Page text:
The Sex Pistols were (actually, they reformed in ’96) an English punk band that got their start in London in 1975. They pretty much put wheels on the punk movement and created the first generation gap in rock and roll. Actually, I take that back, I don’t need to explain who they are, you already know.
Irish state papers that were finally made public after 30 years of secrecy have revealed that the band were targeted in a 1978 government investigation aimed at protecting the country’s Catholic morals.
The Sex Pistols were actually considered to be such a threat to the very fabric of Irish society that the government was considering intervening with legal action meant to shut them down, that is, before they themselves imploded.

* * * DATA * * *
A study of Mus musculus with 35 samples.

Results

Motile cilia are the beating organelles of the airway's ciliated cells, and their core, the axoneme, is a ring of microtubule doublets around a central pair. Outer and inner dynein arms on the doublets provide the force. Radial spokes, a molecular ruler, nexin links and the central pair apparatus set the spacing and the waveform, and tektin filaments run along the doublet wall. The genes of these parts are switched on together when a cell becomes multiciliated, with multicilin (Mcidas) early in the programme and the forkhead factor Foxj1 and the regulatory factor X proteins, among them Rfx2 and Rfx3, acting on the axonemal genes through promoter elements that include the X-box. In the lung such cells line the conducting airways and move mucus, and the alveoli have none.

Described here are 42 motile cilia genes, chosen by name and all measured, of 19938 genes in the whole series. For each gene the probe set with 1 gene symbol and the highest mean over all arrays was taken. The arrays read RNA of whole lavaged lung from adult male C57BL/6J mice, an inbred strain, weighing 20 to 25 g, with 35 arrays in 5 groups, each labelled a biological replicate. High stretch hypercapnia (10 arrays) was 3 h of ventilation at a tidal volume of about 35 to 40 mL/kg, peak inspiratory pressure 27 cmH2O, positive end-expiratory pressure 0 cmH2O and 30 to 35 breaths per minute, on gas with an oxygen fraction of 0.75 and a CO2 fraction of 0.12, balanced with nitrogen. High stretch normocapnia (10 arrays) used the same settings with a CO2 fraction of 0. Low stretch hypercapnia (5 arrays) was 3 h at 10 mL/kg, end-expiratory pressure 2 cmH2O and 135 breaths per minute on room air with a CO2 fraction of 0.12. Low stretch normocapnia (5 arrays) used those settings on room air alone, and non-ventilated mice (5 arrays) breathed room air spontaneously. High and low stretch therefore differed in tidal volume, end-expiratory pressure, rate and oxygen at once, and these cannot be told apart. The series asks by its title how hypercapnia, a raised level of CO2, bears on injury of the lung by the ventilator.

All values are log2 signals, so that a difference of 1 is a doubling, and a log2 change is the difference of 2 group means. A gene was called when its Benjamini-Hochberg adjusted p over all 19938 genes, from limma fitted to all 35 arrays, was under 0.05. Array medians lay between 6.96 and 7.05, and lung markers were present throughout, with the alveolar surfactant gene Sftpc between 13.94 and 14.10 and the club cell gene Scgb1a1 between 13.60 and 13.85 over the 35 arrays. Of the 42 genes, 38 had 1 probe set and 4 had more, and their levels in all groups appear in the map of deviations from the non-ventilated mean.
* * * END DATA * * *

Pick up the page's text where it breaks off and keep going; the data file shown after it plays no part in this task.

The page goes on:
Garda Siochana, Irish law enforcers, were particularly concerned by the title and musical content of their album ‘Never Mind The Bollocks’.
An official government memo questioned whether the band’s debut broke the country’s once rigid censorship laws. It read: The title on the sleeve would indicate that the contents of the record is obscene. The concern was that the record itself would destroy Irish culture.
Penalties for stores that carried the record were considered, as well as legal action against Virgin Records. In the end, the threat was not carried out after Virgin Records successfully defended an obscenity charge against the Sex Pistols in Britain.
The Sex Pistols had a pretty solid image as the bad boys of music, and this is exactly the type of thing that would have backfired on the Irish government if they had attempted to proceed. It would have only helped further their punk personas as the Sex Pistols were arguably more about image than music.